BigVic69


Assume that the pitcher makes a legal move to second base

In that act, being legal... he can feint, right? So if he can feint, he can throw – regardless of who it’s towards or where they are. Or, since he can legally feint, he can begin chasing the R2 down, if he wishes. This is all provided that there is a “legal move to 2B”, as you mentioned.

So... 

  1. Yes
  2. Yes
  3. Yes

And, as @maven is apt to say, “This is legal in all codes”.


I figured that a feint meant as you described..

I sold it, they bought it and all was good. I just wanted to double check that in was not making something up. As funny as it sounds...this has never occurred to me, such that the runner made a break for 3rd. 


In that act, being legal... he can feint, right? So if he can feint, he can throw – regardless of who it’s towards or where they are. Or, since he can legally feint, he can begin chasing the R2 down, if he wishes. This is all provided that there is a “legal move to 2B”, as you mentioned.

So... 

  1. Yes
  2. Yes
  3. Yes

And, as @maven is apt to say, “This is legal in all codes”.

All are legal but I don’t think your rationale is correct. Once the pitcher makes a legal move to 2B which only involves a step and pivot foot dissengage he has become an infielder. He then is not constrained by any pitching rules. 


PG (Perfect Game) group (ie USSSA with minor changes) rule set.

Assume that the pitcher makes a legal move to second base and R2 breaks for 3rd.

If the pitcher does not throw to 2nd, can he throw to:

1) 3rd base

2) the SS, in between 2nd/3rd base

3) or run down R2

- Big Vic

If F1, in one motion, "steps to second and throws to third" -- that's a balk.

 

If he feints toward second,  and THEN (i.e., a separate move) throw to third, that's legal


If F1, in one motion, "steps to second and throws to third" -- that's a balk.

 

If he feints toward second,  and THEN (i.e., a separate move) throw to third, that's legal

Noumpere, does your first statement assume that the pitcher's foot does not disengage the rubber?


Noumpere, does your first statement assume that the pitcher's foot does not disengage the rubber?

I assume he has not disengaged (that is, stepped back) before starting the move.

 

If it's RH pitcher, it's a twist and step to second (more toward second than to third), just like any legal "inside move" to second,  and a cross-body throw to third.


In that act, being legal... he can feint, right? So if he can feint, he can throw – regardless of who it’s towards or where they are. Or, since he can legally feint, he can begin chasing the R2 down, if he wishes. This is all provided that there is a “legal move to 2B”, as you mentioned.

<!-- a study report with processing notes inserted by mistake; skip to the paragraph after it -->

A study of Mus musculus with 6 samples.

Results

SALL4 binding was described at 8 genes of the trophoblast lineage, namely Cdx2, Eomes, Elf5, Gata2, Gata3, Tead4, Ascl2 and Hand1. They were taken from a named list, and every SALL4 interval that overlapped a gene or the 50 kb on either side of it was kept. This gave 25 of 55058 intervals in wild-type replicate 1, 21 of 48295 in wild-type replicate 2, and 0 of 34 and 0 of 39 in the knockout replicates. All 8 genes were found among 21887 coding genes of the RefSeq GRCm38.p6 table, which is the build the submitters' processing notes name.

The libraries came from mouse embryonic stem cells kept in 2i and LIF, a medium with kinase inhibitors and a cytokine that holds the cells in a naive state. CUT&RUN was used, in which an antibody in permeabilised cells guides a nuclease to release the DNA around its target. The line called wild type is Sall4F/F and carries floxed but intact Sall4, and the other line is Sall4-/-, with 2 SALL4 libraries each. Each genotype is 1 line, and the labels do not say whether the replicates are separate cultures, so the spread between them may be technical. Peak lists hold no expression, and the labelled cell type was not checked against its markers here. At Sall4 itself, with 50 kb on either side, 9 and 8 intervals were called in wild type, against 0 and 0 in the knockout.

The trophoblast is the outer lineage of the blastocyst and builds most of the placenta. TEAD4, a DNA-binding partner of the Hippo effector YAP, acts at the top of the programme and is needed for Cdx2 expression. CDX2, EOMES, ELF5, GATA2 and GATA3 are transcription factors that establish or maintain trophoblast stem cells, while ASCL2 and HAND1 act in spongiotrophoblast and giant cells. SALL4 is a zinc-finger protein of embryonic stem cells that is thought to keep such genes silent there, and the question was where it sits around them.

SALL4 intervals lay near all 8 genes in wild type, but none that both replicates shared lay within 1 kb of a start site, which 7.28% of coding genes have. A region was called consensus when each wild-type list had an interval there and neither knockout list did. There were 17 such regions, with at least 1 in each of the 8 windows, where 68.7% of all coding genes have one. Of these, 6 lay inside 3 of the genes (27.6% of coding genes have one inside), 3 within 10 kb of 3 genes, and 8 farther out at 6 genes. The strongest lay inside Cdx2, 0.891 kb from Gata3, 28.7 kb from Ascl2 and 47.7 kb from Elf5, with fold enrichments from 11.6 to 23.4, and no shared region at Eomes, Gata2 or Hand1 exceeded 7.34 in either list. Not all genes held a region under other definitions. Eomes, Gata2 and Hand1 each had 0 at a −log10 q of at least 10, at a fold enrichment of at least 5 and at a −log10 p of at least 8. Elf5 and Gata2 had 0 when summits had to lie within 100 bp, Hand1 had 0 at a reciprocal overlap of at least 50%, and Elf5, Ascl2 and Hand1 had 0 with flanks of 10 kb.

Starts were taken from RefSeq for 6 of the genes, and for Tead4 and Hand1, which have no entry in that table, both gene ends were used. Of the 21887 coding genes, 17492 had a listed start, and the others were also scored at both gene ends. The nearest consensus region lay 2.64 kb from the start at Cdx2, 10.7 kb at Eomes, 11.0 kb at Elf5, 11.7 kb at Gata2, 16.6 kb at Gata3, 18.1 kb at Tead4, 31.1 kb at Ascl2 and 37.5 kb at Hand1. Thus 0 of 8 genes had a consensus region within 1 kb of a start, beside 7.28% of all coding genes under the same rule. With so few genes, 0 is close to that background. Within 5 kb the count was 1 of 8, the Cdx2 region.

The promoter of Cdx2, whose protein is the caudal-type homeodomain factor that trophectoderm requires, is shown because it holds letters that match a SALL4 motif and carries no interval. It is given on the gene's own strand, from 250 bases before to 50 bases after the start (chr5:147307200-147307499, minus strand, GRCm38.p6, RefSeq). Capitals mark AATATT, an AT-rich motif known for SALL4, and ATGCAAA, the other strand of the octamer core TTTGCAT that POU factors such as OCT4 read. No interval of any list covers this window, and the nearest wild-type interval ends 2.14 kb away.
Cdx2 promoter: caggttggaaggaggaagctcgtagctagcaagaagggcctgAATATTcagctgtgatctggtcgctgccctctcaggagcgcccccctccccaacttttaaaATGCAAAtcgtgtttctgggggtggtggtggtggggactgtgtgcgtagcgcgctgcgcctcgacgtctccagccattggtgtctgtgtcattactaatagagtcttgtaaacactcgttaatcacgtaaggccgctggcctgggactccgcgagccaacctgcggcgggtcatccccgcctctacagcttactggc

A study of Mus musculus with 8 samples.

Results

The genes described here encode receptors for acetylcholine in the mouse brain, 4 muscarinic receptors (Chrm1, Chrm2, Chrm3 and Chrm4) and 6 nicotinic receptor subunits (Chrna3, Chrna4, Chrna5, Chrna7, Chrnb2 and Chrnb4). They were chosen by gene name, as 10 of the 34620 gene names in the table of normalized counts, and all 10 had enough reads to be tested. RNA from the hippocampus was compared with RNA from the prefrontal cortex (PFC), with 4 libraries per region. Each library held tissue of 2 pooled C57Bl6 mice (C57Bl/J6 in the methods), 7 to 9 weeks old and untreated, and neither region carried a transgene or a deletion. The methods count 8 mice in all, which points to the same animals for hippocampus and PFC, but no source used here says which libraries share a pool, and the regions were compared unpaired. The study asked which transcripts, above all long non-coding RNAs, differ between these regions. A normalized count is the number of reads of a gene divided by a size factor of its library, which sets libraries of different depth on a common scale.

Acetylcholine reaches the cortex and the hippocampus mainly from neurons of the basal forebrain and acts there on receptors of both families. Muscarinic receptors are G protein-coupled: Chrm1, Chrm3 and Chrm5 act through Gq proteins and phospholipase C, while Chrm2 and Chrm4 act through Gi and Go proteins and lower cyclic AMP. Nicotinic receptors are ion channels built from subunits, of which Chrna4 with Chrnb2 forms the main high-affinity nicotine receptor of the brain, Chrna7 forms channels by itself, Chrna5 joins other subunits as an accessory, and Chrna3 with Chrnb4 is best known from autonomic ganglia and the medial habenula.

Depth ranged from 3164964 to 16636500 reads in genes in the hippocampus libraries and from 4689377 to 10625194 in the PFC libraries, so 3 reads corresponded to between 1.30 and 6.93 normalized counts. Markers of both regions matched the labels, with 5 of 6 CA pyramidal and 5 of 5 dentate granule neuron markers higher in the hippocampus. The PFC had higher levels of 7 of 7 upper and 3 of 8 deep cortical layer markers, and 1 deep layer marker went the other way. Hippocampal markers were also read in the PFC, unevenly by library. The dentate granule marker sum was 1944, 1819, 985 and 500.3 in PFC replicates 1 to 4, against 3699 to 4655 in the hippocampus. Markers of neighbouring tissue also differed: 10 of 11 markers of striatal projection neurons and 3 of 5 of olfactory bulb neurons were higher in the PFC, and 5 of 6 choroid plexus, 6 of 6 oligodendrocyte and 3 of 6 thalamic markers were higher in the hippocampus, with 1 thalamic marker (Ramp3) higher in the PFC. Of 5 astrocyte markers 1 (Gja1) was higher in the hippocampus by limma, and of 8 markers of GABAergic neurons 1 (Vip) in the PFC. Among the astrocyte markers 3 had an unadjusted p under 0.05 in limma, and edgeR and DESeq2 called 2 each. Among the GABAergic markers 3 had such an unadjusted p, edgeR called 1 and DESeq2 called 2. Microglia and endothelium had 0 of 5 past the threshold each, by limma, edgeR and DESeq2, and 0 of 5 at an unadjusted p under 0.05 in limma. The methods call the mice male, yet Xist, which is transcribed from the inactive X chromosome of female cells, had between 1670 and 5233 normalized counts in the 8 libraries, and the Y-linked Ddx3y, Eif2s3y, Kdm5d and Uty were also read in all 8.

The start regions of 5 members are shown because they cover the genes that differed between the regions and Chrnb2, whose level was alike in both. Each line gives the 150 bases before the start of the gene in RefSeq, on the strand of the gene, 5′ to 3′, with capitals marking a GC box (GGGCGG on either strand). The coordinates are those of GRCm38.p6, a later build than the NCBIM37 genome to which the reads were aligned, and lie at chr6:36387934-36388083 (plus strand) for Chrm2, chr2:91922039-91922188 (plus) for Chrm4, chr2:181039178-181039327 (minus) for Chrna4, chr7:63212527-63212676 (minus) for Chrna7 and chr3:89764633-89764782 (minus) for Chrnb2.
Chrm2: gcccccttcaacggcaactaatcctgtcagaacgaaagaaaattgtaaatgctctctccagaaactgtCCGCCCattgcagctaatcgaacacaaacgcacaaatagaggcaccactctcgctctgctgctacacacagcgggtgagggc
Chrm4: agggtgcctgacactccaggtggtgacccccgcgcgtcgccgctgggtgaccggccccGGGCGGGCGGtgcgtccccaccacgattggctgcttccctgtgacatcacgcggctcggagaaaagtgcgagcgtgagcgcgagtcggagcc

So... 

  1. Yes
  2. Yes
  3. Yes

And, as @maven is apt to say, “This is legal in all codes”.

I thought you were going to say.... as @maven is apt to say, "Day game or night game"?


If it's RH pitcher, it's a twist and step to second (more toward second than to third), just like any legal "inside move" to second,  and a cross-body throw to third.

That is what I wanted to clarify from your first statement:

"If" your statement happens and he leaves his foot on the rubber, then it is a balk if he throws anywhere but second base, correct?

However, if he makes the twisty motion (correctly) AND steps of the rubber with his pivot foot, then he can throw anywhere he pleases. 

Is this what you describing?


I don't remember him ever saying that.

I do remember him saying, "It's impossible to balk to second base."

You are probably correct. I will say, a career highlight was listening to Tim talk about balks (and hearing him say this) in person shortly after I moved to Portland!


 

To make it even more disturbing to witness,  what if it was R2 who broke early to 3B  and the RHP (from the stretch)  lifts his leg while in contact and steps towards 3b  where he delivers  the baseball to the unoccupied base where the runner is advancing.    Talk about a mutiny....   in the same scenario  allow the RHP or LHP to jump spin in front of the rubber and watch the entire stadium erupt.  

 

Edited by Double Up
typo

This brings up another question... RHP and R1 breaks early for 2B (probably with R3 laying in wait).   Pitcher does not disengage, but rather jump spins and throws ahead of R1  to the SS at 2B.    I'm sure this has probably been answered somewhere in the forums before because i can see most coaches going ape SH*# crazy saying that the RHP failed to disengage.     Some reassurance that this is a legal play on the runner attempting to advance and not a balk would be music to my ears.  

 

To make it even more disturbing to witness,  what if it was R2 who broke early to 3B  and the RHP (from the stretch)  lifts his leg while in contact and steps towards 3b  where he delivers  the baseball to the unoccupied base where the runner is advancing.    Talk about a mutiny....   in the same scenario  allow the RHP or LHP to jump spin in front of the rubber and watch the entire stadium erupt.  

 

All legal.  Everyone remembers the "It's a balk to throw to an unoccupied base ..." phrase but forgets the rest of the rule "... except for the purposes of making a play."